Research shows that principals account for a quarter of a school’s total impact on student learning. But this finding understates the full impact principals have because they play an essential role in hiring and developing teachers who account for the largest share of a school’s impact on student learning. While a single effective teacher can have a major impact on a student’s achievement, this impact can “fade out” if that child is not taught by similarly effective teachers in subsequent years. The person best positioned to ensure consecutive years of effective teaching for a child—thus influencing a child’s overall academic achievement—is the principal.
For children to succeed, we need all schools to be led by skilled principals who support effective teaching across the entire school.
The old job of principal as administrative building manager is no longer sufficient to dramatically improve student achievement. The job has evolved into a highly complex and demanding position that requires strong instructional and leadership skills.
The good news is there is a growing research base that clearly defines the dispositions, skills, and knowledge needed for effective school leadership today. The disheartening news is that few educators are being measured against these criteria prior to becoming principals.
States play a critical role in determining who leads our country’s schools. Individual states control the two most important levers to ensure the quality of principals—principal preparation program approval and principal licensure oversight. Yet few states are exerting their authority and efficiently using these two levers to improve educational outcomes for children. Each year thousands of principals across the country are licensed to serve as leaders of schools under antiquated laws that are misaligned to the skills and dispositions that research shows principals need to be effective.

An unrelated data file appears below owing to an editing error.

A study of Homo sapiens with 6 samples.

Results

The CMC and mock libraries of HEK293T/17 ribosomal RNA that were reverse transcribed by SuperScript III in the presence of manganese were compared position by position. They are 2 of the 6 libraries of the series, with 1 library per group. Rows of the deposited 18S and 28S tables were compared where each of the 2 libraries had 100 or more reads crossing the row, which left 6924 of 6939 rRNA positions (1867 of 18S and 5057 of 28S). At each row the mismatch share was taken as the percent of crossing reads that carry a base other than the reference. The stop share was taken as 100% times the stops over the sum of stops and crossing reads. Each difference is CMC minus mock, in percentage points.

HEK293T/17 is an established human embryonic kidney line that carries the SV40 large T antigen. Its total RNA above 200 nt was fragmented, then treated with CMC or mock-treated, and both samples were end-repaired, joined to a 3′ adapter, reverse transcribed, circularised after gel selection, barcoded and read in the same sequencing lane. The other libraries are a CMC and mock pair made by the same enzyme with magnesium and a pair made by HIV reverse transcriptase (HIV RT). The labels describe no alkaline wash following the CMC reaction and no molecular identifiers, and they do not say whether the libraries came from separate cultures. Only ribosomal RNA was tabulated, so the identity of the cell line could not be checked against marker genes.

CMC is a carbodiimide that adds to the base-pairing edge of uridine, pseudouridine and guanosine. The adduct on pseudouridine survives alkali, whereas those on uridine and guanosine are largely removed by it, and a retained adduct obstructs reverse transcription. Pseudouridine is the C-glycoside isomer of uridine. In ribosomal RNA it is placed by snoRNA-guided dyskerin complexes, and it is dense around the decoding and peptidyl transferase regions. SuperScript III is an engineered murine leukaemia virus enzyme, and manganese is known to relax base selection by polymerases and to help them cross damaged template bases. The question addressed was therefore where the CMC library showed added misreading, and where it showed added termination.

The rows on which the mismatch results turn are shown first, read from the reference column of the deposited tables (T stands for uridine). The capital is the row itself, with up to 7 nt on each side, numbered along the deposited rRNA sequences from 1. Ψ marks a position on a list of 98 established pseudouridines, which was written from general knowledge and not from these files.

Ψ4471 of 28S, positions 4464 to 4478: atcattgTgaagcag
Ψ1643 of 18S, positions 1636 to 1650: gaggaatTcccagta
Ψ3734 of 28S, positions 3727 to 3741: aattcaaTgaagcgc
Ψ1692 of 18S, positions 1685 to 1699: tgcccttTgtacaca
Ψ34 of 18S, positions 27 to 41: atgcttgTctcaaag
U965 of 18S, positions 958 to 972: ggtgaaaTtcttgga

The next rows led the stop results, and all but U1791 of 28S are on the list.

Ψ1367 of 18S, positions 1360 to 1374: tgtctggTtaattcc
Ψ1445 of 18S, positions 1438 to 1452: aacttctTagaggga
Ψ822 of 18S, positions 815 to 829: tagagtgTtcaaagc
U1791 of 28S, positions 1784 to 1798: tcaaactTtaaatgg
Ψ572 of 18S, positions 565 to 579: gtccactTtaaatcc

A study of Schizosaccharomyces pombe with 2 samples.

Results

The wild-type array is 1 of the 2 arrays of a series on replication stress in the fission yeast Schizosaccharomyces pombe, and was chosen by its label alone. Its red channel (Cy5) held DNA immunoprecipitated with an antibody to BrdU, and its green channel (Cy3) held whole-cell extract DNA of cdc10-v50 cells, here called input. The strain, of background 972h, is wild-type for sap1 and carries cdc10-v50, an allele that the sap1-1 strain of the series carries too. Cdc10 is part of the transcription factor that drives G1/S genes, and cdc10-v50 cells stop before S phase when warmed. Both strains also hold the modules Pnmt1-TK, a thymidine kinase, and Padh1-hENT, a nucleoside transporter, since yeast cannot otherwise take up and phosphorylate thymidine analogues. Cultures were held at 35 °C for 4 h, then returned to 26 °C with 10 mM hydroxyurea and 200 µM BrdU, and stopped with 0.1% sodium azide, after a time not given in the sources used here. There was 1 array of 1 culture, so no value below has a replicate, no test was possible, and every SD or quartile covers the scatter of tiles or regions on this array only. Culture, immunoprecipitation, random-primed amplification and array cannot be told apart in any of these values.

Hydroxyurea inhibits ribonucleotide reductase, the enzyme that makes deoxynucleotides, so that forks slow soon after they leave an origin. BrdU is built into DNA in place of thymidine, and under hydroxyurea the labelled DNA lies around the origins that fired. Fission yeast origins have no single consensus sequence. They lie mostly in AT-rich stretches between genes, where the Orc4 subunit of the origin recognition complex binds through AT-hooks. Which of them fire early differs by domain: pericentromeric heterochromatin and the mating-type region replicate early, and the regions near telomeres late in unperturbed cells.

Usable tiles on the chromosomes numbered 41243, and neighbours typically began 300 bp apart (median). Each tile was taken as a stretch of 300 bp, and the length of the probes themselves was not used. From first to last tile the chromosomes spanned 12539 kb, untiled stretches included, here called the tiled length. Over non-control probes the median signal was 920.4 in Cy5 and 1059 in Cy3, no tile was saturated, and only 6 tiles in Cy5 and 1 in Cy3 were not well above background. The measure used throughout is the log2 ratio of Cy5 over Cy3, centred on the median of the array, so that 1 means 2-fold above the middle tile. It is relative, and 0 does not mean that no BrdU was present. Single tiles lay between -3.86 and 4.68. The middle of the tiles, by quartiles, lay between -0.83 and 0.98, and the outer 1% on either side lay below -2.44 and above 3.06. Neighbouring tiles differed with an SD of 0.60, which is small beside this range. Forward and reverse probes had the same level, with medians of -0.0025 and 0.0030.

Recognizing that states act as key gatekeepers to improve educational outcomes for children, it is imperative that states take immediate action to guarantee that each and every school is led by a high-quality principal.
In this report we analyze state policies and requirements for principal preparation approval and certification in a sample of 16 states—eight of which are “lagging,” and eight that are “leading” in their efforts to act as gatekeepers to ensure that schools are led by effective leaders. An effort was made to select a large pool of states to reflect a range of practices and policies, as well as to provide variation in the context, for example, geographic representation, student demographics, and population size.
We conclude by providing specific recommendations for states to ensure that they are carrying out their gatekeeper roles to improve principal quality nationwide.
First, it is imperative that states develop a framework on principal effectiveness based on current best practice research that governs both principal preparation approval and licensure. States should only approve principal preparation programs that adhere to this framework and, ultimately, hold them accountable for consistently producing proficient principals who positively impact student achievement.
Second, states should be agnostic about what entities deliver the training and development for aspiring principals. States should be clear about the program elements needed to produce effective principals and open the playing field to a wide range of providers that meet these program requirements and yield effective principals.
When it comes to granting initial principal licensure, states should move away from input-based measures, such as years of teaching and master’s degrees, toward performance-based measures that authentically test an individual’s skills and competencies that signal readiness to be effective on the job. Ultimately, states should revoke or not renew the licenses of principals who are deemed ineffective.
It is clear that only the combination of highly effective teaching with highly capable school leadership will change outcomes for children in our schools—not one or the other but both. Given the critical role of principals in advancing student achievement, states must use their authority to improve the quality of principals across our country.
Gretchen Rhines Cheney founded and leads PAROS Group, a Washington, D.C.-based education consulting operation. Jacquelyn Davis founded and leads ED-Volution Education Group, a K-12 education consulting firm.